It was one year ago that I started my Hawaiian adventure. I must say it has been an enormously fruitful time, during which I’ve learnt a lot. And no, I’m not talking about the Hawaiian language right now, although I have managed to master a few words, phrases, and grammar rules. So what exactly do I have in mind?

Whenever you learn a foreign tongue, you learn a lot about … learning.

Learning anything is a process; usually a rather long one. It would be terrific if we were able to just put a book under the pillow, go to sleep, and wake up with all the knowledge we need. Then I guess every single person in this world would be a polyglot! But, the sad fact is, if we want to achieve our goals, we have to work hard for that. And that’s fine, as long as you have help. Cause when you don’t, you need to work twice as hard.

I actually know very well what I’m talking about. As a learner of not only Hawaiian but also Marshallese and Kiribati, I have experienced – not once, may I add – great frustration because I wasn’t able to find the answers to the questions that kept bothering me. I had to figure out myself how to form a particular sentence, I had to search for clues, I had to make tons of mistakes – because I was “alone”. I still am “alone”, which means I don’t have a teacher; or rather teachers in my case.

If you don’t have a teacher – more precisely, a human being who can guide you – you have to rely on what’s available. Books, Internet, apps quickly become your best friends. Now, it is said that it’s better to have one good friend than a hundred bad ones. True. Only sometimes a single friend is simply not enough.

I’m learning Marshallese, and I have three books. There are virtually no other resources available – no apps, no online courses, no helpful websites. Occasionally, I’m able to find something on YouTube.

Learning Kiribati is even more difficult. I’m in possession of two textbooks. And that’s all. Even uncle Google – and we all know he’s a very smart guy – can’t really help me. So as you can imagine, that makes my learning experience pretty challenging.

That’s why I am extremely happy that at least learning Hawaiian is a tad easier. I’m a proud owner of two books (there are a few more on the market); I have two apps installed on my phone; and whenever I need it, I can ask my favourite uncle Google for more information. You have no idea what a difference it makes to have so many resources available.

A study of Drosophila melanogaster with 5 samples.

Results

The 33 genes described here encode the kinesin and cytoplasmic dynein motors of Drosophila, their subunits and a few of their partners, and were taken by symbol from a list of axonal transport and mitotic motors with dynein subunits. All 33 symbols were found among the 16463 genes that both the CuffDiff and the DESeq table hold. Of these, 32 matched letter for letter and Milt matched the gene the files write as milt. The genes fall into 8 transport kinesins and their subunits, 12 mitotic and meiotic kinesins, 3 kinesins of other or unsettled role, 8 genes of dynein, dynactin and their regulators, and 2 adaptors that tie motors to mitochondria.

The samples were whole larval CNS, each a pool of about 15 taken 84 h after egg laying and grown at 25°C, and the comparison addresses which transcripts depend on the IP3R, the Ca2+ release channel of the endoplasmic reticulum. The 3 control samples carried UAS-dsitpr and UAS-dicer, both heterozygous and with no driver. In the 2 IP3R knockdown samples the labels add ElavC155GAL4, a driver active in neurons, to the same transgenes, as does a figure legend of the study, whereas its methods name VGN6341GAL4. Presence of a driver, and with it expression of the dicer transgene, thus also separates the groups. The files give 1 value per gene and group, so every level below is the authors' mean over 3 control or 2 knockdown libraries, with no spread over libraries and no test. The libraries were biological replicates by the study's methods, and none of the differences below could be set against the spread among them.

My main source of knowledge is the textbook I’m currently using, “Ka Lei Haʻaheo”. It’s absolutely fantastic. I can already say that it is more “advanced” than the book I started with (“Learn Hawaiian At Home”). It explains everything in more detail, so I am quite sure that my Hawaiian will get better and better with every week.

In addition to the textbook, I’m taking advantage of two language learning apps: Duolingo and Drops.

The former was my app of choice at the beginning of my adventure. We didn’t get along, so I quit it after three months. But somewhere in November I came back to it. I wanted to see if I’d made any progress. It turned out I had! I was overjoyed, and I decided I would continue using it. I never thought I would say that, but thanks to this app I can practice what I have learnt, and – sometimes – even pick up a new word or phrase. I treat Duolingo as an “exercise book”, if you will. I do not rely on it, but I appreciate its existence.

The second app, Drops, is my “vocabulary teacher”. I love it. For five minutes a day I learn new words as well as review the ones I already know. It has helped me a lot. You may think three hundred seconds is not enough. Believe me, it’s more than enough! The words somehow stay in my head – just like that. There’s no doubt that the app does what it promises. Give me a few months and I might know more words in Hawaiian than in Marshallese!